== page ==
More and more of our digital dating world keeps coming up with new terms for bad dating behavior. Thought it was just happening to millennials? Think again. My Happiness Hypothesis study found that it is happening across the globe to both men and women for millennials and GenX.
It is creating the paradox effect in dating: it’s giving off the illusion of many choices while making it harder to find viable options.
Is technology driving dating, sex, and emotion? Are dating patterns just an extension of how we behave on social networks? I had a chance to explore some of this phenomena with superstar Claudia Cox, the creator of Text Weapon, and the author of French Seduction Made Easy. She is passionate about modern communication and loves helping people improve their relationships through creative texting.
Your career is so fascinating and inspiring. Tell us about your career trajectory?
I actually began my career as an engineer, but text messages and the little love stories they told have always fascinated me. I used to write down every text that landed in my inbox so that I could visit them again and again. And while I was personally obsessed with texting, I noticed that most of the people around me could use a lot of help in that arena. So when a series of life changing events made me rethink my career in engineering, I decided to focus on what I truly loved – helping others discover the potential of texting and turning their ordinary messages (and lives) into something extraordinary. Now, whenever I receive a question or a comment from a reader, I smile. I can’t help but wonder how many people have used my text messages or advice to start a new love story or heat up a lukewarm relationship. I would love to think that by following my dream I have not only improved my life, but the lives of others as well.
How did you get started in the relationship industry? What got you interested in the industry?
I got started in the relationship industry when I created Text Weapon in 2013. At the same time, I was writing my first book, publishing regular blog posts, guest posting on sites around the world, coaching singles and couples, being active on social media, attending events, and participating in Podcasts. I also worked as a professional matchmaker.
It was my love of communication and helping people that got me interested in the industry.
It felt like a natural fit. By listening, learning, and being interested in others, I have always had beautiful relationships and deep connections with people. I wanted to share my knowledge and experiences with others who may have been blessed with intelligence, beauty, or riches, but lack the skills to find and keep a happy, healthy relationship.
What amazing projects can we expect to see next?
After six years of helping people solve their texting issues, I’m developing very tailored solutions for some of the most common modern communication issues that I’ve dealt with, such as navigating love on social media, keeping romance alive in long term relationships using modern technology, and dealing with ex-boyfriends/ex-girlfriends in the virtual world (because it’s not as easy as just avoiding their favorite hangout anymore).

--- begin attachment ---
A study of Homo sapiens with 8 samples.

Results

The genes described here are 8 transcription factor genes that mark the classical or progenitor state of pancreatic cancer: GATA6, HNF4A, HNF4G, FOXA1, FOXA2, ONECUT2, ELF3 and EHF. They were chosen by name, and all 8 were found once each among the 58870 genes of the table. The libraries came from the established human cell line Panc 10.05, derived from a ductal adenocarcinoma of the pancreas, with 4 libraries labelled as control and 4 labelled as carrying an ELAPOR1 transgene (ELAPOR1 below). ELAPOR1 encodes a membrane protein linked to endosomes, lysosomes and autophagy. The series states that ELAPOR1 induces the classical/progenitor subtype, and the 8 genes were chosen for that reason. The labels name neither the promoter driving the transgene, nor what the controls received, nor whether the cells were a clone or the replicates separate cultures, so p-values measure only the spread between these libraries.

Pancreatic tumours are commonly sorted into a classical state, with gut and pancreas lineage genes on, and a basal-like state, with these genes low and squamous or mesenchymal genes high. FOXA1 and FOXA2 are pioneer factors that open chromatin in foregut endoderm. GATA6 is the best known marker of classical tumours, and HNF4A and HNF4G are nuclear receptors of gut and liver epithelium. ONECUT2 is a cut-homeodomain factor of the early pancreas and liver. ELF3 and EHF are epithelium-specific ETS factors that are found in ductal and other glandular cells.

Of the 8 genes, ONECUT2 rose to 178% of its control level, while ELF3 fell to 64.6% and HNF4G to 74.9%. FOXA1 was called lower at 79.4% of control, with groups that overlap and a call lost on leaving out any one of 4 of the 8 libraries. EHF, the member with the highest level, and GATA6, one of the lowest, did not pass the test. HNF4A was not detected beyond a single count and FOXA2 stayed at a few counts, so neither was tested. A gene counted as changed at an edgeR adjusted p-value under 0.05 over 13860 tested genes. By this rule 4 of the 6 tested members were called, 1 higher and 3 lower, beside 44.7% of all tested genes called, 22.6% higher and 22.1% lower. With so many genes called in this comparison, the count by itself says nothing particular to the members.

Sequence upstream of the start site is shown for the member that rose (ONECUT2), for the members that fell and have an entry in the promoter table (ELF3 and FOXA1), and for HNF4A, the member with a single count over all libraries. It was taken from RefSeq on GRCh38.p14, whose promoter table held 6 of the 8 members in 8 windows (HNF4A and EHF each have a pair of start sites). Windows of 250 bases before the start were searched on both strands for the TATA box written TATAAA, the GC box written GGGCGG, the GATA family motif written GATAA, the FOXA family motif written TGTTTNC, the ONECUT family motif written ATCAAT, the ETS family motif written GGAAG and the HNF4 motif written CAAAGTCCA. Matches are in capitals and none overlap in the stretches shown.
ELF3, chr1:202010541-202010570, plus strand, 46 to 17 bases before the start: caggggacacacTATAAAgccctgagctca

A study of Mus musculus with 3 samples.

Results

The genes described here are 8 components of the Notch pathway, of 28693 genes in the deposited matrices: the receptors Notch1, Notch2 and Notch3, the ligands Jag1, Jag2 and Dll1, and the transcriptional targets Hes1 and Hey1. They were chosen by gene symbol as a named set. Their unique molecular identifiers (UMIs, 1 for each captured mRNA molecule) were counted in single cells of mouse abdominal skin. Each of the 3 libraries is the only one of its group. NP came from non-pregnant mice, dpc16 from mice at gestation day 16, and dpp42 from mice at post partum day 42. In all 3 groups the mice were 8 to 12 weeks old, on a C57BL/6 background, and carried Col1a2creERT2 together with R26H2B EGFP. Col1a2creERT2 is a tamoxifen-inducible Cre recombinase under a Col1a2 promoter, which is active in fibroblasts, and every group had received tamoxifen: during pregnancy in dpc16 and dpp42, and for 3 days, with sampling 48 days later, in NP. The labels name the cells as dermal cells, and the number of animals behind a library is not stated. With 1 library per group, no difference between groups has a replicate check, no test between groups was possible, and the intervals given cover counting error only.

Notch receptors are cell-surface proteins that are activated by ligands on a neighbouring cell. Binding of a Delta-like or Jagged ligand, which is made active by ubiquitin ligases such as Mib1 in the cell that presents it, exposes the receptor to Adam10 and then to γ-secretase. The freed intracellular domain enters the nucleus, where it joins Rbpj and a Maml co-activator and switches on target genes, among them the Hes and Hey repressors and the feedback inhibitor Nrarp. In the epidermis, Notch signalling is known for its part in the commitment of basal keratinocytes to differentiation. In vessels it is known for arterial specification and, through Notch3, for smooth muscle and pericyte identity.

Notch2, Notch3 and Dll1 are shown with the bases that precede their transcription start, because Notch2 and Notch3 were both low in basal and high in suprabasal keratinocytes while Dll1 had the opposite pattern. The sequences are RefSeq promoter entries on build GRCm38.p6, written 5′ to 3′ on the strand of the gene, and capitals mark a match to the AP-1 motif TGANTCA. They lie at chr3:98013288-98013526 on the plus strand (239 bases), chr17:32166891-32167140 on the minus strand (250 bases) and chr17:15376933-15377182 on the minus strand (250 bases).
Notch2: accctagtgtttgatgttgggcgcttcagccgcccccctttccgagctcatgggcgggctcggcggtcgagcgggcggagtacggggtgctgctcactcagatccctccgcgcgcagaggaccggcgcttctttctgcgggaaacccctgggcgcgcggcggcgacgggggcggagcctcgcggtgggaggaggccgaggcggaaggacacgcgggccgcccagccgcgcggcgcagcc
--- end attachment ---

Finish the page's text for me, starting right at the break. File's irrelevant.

How do you create work-life balance?
It is easy to find yourself working 24/7 if you’re not careful. There is always something to do, something beeping, someone waiting for an answer. It can make you crazy.
It’s hard to discipline yourself, but it’s essential.
As much as I’m passionate about helping people, I’m careful to never neglect my own personal care and needs. For me, this means spending time with loved ones, exercising regularly, and consistently making sure that my personal goals and values are aligned with how I’m spending my time and energy.
Can you share some tips on how to cultivate it in our own lives?
Setting up boundaries is extremely important. I receive a lot of emails and messages on social media at all hours of the day. I make a conscious effort to not allow this constant influx to take over my life. For example, if I am with friends, or getting ready for bed, I don’t agonize over not instantly replying. I keep certain times sacred and I don’t feel guilty about it because it’s a personal boundary that is protecting myself. I also try to live life in the present. The more I do this, the more I am able to enjoy what is happening now and not agonize over the future. For me, boundaries and living in the present are the two keys for creating optimal work-life balance.
What advice would you offer to those interested in getting in the industry?
What in your opinion is the future of dating?
I think dating will become more and more technology based. Many people today have painstakingly created their list as to what constitutes the ideal partner. Technology will make it easier to find and connect them to people that meet all of their stringent criteria.
But what if the “ideal partner” you have concocted is not really the right person for you?
And you are stuck chasing a shell of perfection, while missing out on something wonderful right in front of you? It takes away a little bit of the excitement of the unknown, of discovery…of trying new things. There are so many “soft” aspects to romantic relationships that I hope are not overlooked in the future. Non-tangible things, such as a person’s smell, how you feel in their presence, the way they hold your hand, their imperfections that over time become perfections.
What would you tell your younger self?
Life is hard, but as long as you stay true to your personal values and goals, there is nothing that life can throw at you that you can’t overcome.